Oil charges towards US$120 as sanctions target Russian refiners

The gains in oil prices followed the latest round of US sanctions on Russia’s oil refining sector. PHOTO: BLOOMBERG

SINGAPORE (REUTERS, BLOOMBERG) - US sanctions targeting Russian refineries, disruptions to shipping and a fall in US crude stocks to multi-year lows kept oil prices racing on Thursday (March 3) as Brent charged towards US$120 a barrel, its highest in almost a decade.

Brent crude futures rose as high as US$119.84 a barrel, the highest since May 2012. The contract was at US$119.78 a barrel, up US$6.85, or 6.1 per cent, by 0752 GMT.

US West Texas Intermediate crude hit a high of US$116.57, the loftiest since September 2008, and was at US$116.41 a barrel, up US$5.81, or 5.3 per cent.

The gains followed the latest round of US sanctions on Russia’s oil refining sector that raised concerns that Russian oil and gas exports could be targeted next.

While wielding economic sanctions to try to make Russia call off its invasion of Ukraine, Washington has stopped short of targeting Russia’s oil and gas exports as the Biden administration weighs the impact on global oil markets and US energy prices.

“They may be saying that, but global financial institutions are doing the heavy lifting and blanket banning anything with Russia written on the documentation,” Oanda analyst Jeffrey Halley said.

“I think as long as the West holds its nerve, oil will still go higher.”

Australia’s ANZ raised its short-term target for oil to US$125 a barrel, adding that supply shortages could see further upside.

Russia is the world’s third biggest oil producer and the largest exporter of oil to global markets, according to the International Energy Agency. Russian crude and oil product exports reached 7.8 million barrels per day in December, the agency said.

But the invasion of Ukraine has rapidly made Russia a commercial outcast, resulting in most buyers and shippers avoiding cargoes of its crude, diesel, heavy naphtha and vacuum gasoil. That is causing abrupt changes in market structures, price dislocations and violent swings in freight rates.

The result is a physical market for crude too chaotic even for veteran oil traders who have spent years deftly handling everything from political sanctions to trade wars to attacks on key infrastructure. In the current climate, traders say, even an action as simple as a seller knowing what price to offer their crude at has become confusing.

Oil trading giant Trafigura Group tried to sell a cargo of Russia’s flagship Urals grade this week at a record discount to benchmark prices for north-west Europe but found no bidders, highlighting how toxic trade with the country has become.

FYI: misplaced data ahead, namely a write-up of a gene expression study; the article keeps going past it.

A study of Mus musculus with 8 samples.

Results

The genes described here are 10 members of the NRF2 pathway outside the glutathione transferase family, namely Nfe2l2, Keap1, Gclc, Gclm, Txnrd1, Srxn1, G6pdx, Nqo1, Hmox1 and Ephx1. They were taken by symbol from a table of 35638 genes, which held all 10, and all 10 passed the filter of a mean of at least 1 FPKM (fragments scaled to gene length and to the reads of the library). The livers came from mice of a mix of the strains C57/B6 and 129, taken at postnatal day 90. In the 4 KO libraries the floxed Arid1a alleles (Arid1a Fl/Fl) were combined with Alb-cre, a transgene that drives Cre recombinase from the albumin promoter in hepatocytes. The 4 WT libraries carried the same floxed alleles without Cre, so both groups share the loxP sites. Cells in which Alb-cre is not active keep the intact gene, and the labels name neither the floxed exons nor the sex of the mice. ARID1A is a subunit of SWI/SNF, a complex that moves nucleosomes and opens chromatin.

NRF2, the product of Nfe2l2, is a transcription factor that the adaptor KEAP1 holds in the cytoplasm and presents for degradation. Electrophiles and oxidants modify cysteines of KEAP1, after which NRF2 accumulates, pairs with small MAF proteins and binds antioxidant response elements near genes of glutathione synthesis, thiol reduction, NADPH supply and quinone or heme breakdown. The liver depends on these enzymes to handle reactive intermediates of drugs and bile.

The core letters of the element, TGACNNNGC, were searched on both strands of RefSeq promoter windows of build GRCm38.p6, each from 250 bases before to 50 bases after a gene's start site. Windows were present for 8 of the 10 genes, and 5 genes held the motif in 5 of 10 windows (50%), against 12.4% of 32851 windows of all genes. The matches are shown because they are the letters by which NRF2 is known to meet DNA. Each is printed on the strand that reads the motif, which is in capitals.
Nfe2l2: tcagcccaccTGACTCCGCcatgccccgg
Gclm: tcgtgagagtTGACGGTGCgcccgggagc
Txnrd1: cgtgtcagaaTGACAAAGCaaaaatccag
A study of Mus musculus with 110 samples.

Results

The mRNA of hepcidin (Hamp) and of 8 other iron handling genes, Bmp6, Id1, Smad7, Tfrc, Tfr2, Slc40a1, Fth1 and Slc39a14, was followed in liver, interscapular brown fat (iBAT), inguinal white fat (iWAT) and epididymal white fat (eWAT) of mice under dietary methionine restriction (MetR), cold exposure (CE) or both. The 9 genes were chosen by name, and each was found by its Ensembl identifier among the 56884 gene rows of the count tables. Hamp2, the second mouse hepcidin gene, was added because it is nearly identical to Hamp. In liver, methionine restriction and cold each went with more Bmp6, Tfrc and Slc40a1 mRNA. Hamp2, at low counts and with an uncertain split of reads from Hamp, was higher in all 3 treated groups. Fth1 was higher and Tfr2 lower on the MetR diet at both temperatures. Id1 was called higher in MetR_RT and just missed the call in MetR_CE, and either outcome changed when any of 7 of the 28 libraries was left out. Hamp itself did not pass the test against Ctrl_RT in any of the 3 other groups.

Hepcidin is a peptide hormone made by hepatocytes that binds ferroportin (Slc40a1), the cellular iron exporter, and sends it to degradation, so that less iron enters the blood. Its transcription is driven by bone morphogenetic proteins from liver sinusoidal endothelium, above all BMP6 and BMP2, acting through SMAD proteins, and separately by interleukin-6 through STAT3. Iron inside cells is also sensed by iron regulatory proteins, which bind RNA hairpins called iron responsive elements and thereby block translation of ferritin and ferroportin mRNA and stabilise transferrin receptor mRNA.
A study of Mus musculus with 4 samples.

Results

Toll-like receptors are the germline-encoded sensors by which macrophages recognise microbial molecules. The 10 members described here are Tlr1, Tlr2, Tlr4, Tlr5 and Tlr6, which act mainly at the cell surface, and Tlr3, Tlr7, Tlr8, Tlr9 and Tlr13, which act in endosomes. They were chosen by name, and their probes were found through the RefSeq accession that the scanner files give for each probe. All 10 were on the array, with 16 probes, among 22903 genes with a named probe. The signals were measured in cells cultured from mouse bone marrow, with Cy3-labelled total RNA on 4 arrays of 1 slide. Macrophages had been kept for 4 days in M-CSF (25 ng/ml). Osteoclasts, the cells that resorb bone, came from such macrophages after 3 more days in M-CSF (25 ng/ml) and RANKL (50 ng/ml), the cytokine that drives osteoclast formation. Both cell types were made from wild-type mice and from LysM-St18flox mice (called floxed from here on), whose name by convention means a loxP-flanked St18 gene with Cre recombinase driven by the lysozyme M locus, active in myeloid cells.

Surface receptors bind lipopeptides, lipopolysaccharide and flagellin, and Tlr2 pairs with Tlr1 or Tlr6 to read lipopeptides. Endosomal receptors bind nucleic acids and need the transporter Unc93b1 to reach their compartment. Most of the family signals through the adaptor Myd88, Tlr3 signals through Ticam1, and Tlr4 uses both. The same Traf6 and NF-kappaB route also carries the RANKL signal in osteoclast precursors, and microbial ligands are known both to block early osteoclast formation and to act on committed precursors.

Asian refiners instead are trying to snap up more Middle Eastern oil, although incremental supplies from the region are very limited, the traders said. More US cargoes are also in their sights, but backwardation, surging transport costs and wild divergences in global benchmarks are making that challenging. Their European counterparts are looking to buy more North Sea crude, which may price Chinese and South Korean refiners out of that market, the traders said.

Meanwhile, the Organisation of the Petroleum Exporting Countries and their allies including Russia, known as Opec+, decided to maintain an increase in output by 400,000 barrels per day in March despite the price surge, snubbing calls from consumers for more crude.

“Opec+ essentially punted on sending any production signals to calm the runaway oil market, rolling over the 400k b/d production increase in record time,” RBC Capital analyst Helima Croft said in a note.

Remote video URL

“While some remain transfixed with the idea that an Iran agreement will provide much needed relief, we again caution that the deal is still not done and the sums entailed would simply be too small to backfill a major Russian disruption.”

The head of the International Atomic Energy Agency will visit Teheran on Saturday, Iranian news agency Nournews reported, suggesting this could help pave the way to a revival of Iran’s 2015 nuclear agreement with major powers.

Meanwhile, US oil inventories continued to decline. Tanks at the key Cushing, Oklahoma crude hub were at their lowest since 2018, while US strategic reserves dropped to a near 20-year low - and that was before another release announced by the White House on Tuesday in tandem with other industrialised nations.

Follow The Straits Times' live coverage on the Ukraine crisis here.

Join ST's Telegram channel and get the latest breaking news delivered to you.